A church planting conference, being held this week at the Avondale College of Higher Education in Cooranbong, NSW, is shaping up to be a heady mix of tough facts and inspirational solutions.
Yes, the Seventh-day Adventist Church has a problem in the South Pacific Division (SPD), said SPD president Pastor Glenn Townend in his opening address on Monday afternoon. In many parts of our region, Adventists are practically unknown. In Sydney, one of the most extreme examples, you’d need to gather a crowd of 500 people before you’d have a statistical chance of finding an Adventist. Just one.
“God is trusting us with resurrection power,” said Pastor Townend, riffing off the apostle Paul’s prayer in Ephesians 1. “It’s like we’ve been given a Formula 1 car and we’re just putt-putting along.”
Judging by the keen attention and hearty amens, the audience—mostly male but representing a broad spread of the SPD—seemed to resonate with what Pastor Townend was saying and relish the challenge he presented. Taking a leaf out of the One Project’s playbook, participants are seated around large round tables and spend time in discussion after each of the presentations from the front. Each day’s program also contains a number of workshops so that participants can delve deeper into their areas of interest.
“We’ve got just a bit over 200 people here; we had to turn a lot away,” said Dr Wayne Krause, the SPD’s church planting liaison and one of the conference’s key organisers. “We’re excited about the number of church members who are here—not just pastors and administrators—it’s around half church members. Because unless church members are planting churches we’re never going to advance the work. We do not have the resources. And it’s not biblically correct that only pastors plant churches. So we’re trying to encourage as many of our church members to see that they can either plant a church or be part of a church planting team.”
Dr Kleber Goncalves, one of four presenters from outside the SPD, made a stark comparison: “Jesus never said, ‘Go into the world and make church members.’ He said, ‘Go and make disciples.’ There’s a big difference.”
Dr Goncalves, who heads up the General Conference’s Centre for Secular and Postmodern Studies, highlighted the fundamental difference between the Greco-Roman notion of discipleship—intellectual and philosophical education—and the Jewish rabbinical tradition.
“In the Hebrew context, discipleship meant much more than just the sharing of cognitive information,” said Dr Goncalves. “Instead it’s about one’s life experience within the context of community—starting in the family and then to others. It indicated not only the acceptance of the master’s values and embracing his principles, but ultimately reproducing his ideas and beliefs in practical ways. This is a transformational process.”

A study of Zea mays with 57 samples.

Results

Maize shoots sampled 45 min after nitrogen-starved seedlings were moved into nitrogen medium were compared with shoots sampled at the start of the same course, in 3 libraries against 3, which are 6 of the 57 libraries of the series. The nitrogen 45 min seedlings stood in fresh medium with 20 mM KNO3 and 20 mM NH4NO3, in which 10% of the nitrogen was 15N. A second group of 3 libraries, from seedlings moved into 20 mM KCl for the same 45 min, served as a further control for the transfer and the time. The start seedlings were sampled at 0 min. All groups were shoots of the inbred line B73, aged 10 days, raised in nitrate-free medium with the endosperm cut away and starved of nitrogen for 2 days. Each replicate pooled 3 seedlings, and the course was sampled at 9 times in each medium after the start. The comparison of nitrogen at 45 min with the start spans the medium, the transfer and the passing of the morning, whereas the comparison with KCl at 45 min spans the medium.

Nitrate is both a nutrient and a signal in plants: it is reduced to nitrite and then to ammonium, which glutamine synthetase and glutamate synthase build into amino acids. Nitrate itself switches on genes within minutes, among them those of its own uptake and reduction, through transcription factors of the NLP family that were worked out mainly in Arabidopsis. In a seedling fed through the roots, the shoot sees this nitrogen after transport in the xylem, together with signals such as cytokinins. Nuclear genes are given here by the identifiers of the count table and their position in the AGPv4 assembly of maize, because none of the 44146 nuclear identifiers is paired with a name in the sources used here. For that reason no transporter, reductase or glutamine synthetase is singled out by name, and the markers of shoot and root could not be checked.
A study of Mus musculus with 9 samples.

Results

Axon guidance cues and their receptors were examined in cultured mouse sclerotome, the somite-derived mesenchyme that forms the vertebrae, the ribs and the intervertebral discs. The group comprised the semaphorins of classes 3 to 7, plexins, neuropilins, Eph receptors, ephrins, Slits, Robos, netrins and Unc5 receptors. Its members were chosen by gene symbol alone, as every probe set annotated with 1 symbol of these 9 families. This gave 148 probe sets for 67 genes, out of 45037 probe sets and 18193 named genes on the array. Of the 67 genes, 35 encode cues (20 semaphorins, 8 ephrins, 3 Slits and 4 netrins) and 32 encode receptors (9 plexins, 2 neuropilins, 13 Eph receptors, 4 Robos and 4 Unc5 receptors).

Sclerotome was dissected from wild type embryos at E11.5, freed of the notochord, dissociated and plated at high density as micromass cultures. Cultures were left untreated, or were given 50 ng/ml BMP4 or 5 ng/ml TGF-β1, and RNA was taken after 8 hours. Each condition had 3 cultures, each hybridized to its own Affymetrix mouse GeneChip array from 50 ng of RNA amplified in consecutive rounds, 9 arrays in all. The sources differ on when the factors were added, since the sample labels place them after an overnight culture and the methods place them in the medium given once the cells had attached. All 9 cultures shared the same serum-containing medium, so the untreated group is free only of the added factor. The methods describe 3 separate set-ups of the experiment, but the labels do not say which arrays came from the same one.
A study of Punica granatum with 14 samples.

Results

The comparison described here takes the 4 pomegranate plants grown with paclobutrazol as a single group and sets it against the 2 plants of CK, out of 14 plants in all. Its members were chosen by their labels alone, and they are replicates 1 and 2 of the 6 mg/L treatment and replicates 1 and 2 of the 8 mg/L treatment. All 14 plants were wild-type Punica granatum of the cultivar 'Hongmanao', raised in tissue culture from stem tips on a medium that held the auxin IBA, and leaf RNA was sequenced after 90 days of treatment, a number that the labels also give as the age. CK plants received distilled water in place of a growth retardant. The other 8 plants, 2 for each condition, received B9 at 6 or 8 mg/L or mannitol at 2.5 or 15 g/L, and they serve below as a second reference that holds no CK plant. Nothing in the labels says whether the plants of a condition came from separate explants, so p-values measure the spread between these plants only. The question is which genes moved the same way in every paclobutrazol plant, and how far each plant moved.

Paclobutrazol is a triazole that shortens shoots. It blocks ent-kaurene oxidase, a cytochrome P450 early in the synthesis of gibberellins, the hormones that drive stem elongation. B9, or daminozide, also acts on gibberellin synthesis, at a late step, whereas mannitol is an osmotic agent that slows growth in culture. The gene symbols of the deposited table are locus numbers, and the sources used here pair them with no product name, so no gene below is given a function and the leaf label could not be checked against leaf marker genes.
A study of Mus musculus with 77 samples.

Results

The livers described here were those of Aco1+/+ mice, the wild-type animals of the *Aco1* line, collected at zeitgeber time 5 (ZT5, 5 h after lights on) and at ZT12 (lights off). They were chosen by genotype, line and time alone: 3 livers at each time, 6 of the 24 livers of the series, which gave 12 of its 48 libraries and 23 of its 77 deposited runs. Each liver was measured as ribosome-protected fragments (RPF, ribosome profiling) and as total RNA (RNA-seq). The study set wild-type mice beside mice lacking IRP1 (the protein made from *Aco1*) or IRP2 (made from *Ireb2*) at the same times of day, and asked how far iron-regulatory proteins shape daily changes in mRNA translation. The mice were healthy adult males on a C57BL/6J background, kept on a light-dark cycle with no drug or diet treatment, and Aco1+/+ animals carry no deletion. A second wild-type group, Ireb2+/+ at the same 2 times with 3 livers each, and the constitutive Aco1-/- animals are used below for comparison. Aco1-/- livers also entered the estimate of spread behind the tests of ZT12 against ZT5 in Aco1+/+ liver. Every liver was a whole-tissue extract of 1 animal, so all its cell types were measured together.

“Multiplying Disciple Planting Churches” is the official title of the conference. Repeated communications coming from Pastor Townend and other Church leaders have made it abundantly clear that “discipleship” is a key theme for the SPD. But how does this fit with church planting? [pullquote]
“The reason we plant churches is that they’re the best place to grow disciples, to make disciples,” said Dr Krause. “New disciples go best into new communities.” So what’s so special about new church communities? Dr Krause explains: “It’s new. It’s something I can get involved in. The jobs aren’t already filled. The same person hasn’t held the eldership role for many years. New people, young people, are encouraged to get involved. There’s an excitement because no-one has told them it can’t be done.”
This week’s conference includes a number of church plant case studies to illustrate these points. The first two were inspiring examples of what can be achieved. Pastor Lloyd Grolimund related how the New Hope Adventist church in Sydney’s north-west has grown from “under a dozen” people to a congregation of 300 in less than two years using community service doorknocks, a quality worship experience and livestreamed/televised church services.
Pastor Faafetai Matai, from the Trans Pacific Union Mission in Fiji, recalled his visit to the Lau Valley Adventist church on the outskirts of Honiara, Solomon Islands. Church members there are successfully reaching people in the seven squatter settlements that surround their church building, establishing regular Bible studies, evangelistic video viewings, worship services and even a school. “They have no accreditation, no registration—they didn’t wait for permission; they just started a school! I don’t know who the principal is,” said Pastor Matai in mock outrage, drawing laughter from the audience.
Pastor Townend himself is no slouch when it comes to church planting. During his eight years as president of the Western Australian Conference 53 churches were planted—home churches, remote area churches, migrant churches, university churches. Although the sustainability of church plants can be an issue, the majority of these groups are still meeting.
“I think we’ve made the mistake of focusing on membership,” said Pastor Townend. “Being a member is important but being an ongoing disciple grows out of that. We’ve also focused on knowledge—knowing the fundamental beliefs—again, important, but actually living them and learning how to be a ‘loving and loveable Christian’ and involved in the different disciplines of being a disciple is what we’re focusing on. And it’s very biblical and many people are realising the need and seeing results by following the biblical plan.”
Download and watch sessions from the church planting conference using this Dropbox link.